Grid ReferenceSH5933060580
Unitary (Local) AuthorityGwynedd
Old CountyCaernarfonshire
Period18th Century


Dinorwic Quarry includes the remains of the Braich levels of the Dinorwic Slate Quarry which operated from around 1770 to 1969. Many of the levels remain intact following the construction of Dinorwic Pumped Storage Power Station (NPRN 408885). The series of ‘A’ inclines from Gilfach Ddu (NPRN 40559) and the Anglesey barracks have been scheduled and preserved.

The surviving remains of the site include four substantial counterbalanced inclines, complete with rails, sleepers and drumhouses, a weighbridge house, locomotive sheds, water tanks and an office and caban. There is also a blondin with winding house and an electric compressor house. There is a large slate mill with two integral engine houses and saws, catslide extension and smithing hearth.

In 1972 the site opened to the public as a museum. Equipment was collected from other slate quarries and parts of the site were restored. It is now the National Slate Museum and part of the National Museum of Wales.


  • David Gwyn & Merfyn Williams (1996) ‘A Guide to the Industrial Archaeology of North West Wales’. Association for Industrial Archaeology

RCAHMW, 3 November 2011


Dinorwic quarry is a spectacular relict industrial landform of stepped rock-faces, inclined planes, tips and process-flow, on the slopes of Elidir mountain, rising 500m from the valley floor. It is made up of separate ‘departments’, all of which formed part of the one undertaking owned by the Vaynol estate but which was never entirely assimilated into one unified working, as Penrhyn quarry was. Each department, and the galleries within them, have topical names such as Matilda and Australia, or topographical names such as Penrhyddgarrett. The Vivian department (NPRN 40571) with its reconstructed operational inclined plane, slate-makers’ shelters, and a ropeway system, is separately noted.

Attributes of this component part date from the 1780s to the 1920s within a landscape of aristocratic improvement.

Dinorwic was developed by an aristocratic dynasty (the Assheton Smiths, later the Duff family) of the Vaynol estate, who were also committed agricultural improvers. Dinorwic quarry rivalled Penrhyn in size and output and emulated it in many respects but developed a strongly engineered approach of its own.

The sudden closure of the quarry in 1969 meant that many buildings, structures and machines survived on some of the higher, more remote levels. The very visible nature of the workings when viewed from the slopes of Snowdon or across Peris lake bring home the form and extent of the quarry, and the construction of a major pumped storage scheme in the lower part of the quarry from 1975 to 1984 added to the sense of the ‘engineering sublime’.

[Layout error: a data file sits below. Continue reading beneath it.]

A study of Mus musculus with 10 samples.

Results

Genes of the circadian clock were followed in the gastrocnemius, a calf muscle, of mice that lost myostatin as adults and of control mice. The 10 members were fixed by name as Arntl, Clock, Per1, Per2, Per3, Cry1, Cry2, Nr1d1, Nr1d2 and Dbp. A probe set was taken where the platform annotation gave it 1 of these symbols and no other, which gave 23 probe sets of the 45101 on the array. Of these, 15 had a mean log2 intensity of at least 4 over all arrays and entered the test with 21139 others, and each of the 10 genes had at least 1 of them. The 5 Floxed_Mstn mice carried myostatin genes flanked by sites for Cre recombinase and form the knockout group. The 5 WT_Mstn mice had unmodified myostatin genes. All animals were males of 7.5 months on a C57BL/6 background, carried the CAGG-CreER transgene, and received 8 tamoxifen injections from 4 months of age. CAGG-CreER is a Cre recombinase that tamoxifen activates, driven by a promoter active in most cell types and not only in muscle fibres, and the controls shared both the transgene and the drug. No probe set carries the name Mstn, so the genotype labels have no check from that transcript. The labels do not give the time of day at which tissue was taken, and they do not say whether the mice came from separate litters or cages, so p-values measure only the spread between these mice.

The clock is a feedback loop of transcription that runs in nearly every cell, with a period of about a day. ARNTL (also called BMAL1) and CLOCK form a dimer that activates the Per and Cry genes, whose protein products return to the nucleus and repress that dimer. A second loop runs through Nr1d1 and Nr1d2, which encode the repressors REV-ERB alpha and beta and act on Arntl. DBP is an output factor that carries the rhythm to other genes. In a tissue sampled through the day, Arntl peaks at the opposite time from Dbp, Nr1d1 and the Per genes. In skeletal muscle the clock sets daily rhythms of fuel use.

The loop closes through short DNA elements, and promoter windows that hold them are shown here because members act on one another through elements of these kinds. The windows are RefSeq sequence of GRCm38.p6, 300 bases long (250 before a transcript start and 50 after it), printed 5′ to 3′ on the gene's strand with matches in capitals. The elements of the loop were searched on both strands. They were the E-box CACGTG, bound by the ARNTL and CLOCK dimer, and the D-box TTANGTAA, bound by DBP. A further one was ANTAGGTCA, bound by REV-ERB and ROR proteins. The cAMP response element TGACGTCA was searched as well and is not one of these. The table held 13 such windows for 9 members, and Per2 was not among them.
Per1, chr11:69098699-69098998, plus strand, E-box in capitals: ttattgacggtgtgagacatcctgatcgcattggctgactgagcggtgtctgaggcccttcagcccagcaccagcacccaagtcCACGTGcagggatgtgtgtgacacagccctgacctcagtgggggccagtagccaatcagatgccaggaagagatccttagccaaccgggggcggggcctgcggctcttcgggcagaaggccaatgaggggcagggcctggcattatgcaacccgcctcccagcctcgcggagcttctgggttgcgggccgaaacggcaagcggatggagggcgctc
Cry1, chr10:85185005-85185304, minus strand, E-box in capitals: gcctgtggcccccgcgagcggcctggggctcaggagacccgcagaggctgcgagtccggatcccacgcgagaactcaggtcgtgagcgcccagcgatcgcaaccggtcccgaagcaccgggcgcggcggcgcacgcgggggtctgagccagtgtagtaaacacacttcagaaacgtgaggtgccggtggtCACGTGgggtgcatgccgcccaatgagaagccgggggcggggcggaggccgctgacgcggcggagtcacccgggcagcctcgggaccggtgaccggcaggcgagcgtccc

This area and the Ogwen valley component part of the proposed site have much in common but also significant points of difference. Whereas part of Penrhyn quarry is active, Dinorwic is entirely relict, and offers both the specialist and the interested visitor a text-book explanation of slate-quarrying practice from the late eighteenth century to the 1960s.

Statement of Significance:

Dinorwic Slate Quarry is a spectacular and extensive relict industrial landform, worked in benched galleries on the slopes of Elidir mountain by the owning Vaynol estate until its sudden closure in 1969. Second only to Penrhyn Slate Quarry in its extent and productivity, it can be appreciated in its entirely from across Peris lake, where the working faces and levels, tips of waste rock and the massive formation of the inclined planes are evident. Several locations within the Quarry, particularly on its upper levels, preserve a wealth of historic engineering and machinery dating from the 1860s to the 1930s. Its functional linkages with its former engineering complex, now the National Slate Museum (NPRN 40559), its road and railway transport systems (NPRNs 546042, 546222), and its social linkages with its surviving barracks (NPRN 275726) and settlements (NPRN 409887) are particularly clear. The road access and service buildings of the pumped storage scheme built in the lower part of the quarry from 1975 to 1984 contribute to the sense of scale, and the quarry landform lies within a powerful mountain and lake environment at the foot of Snowdon that is both ‘Sublime’ and ‘Picturesque’. The medieval Dolbadarn castle conveys the pre-industrial dimension to a landscape heritage spectacularly transformed by the global demand for slate from the eighteenth century to the mid-twentieth. 

Dinorwic Slate Quarry is part of the Slate Landscape of Northwest Wales World Heritage Site, Component Part 2: Dinorwig Quarry Mountain Landscape. Inscribed July 2020.


  • Louise Barker & Dr David Gwyn, March 2018. Slate Landscapes of North-West Wales World Heritage Bid Statements of Significance. (Unpublished Report: Project 401b for Gwynedd Archaeological Trust)
  • Tirwedd Llechi Gogledd Orllewin Cymru / The Slate Landscape of Northwest Wales. Nomination as a World heritage Site (Nomination Document, January 2020)
  • Wales Slate World Heritage Site

Hannah Genders Boyd, RCAHMW, March 2022

application/pdfRCAHMW ExhibitionsBilingual exhibition panel entitled Y Diwydiant Llechi. The Slate Industry, produced by RCAHMW for the Royal Welsh Show, 2011.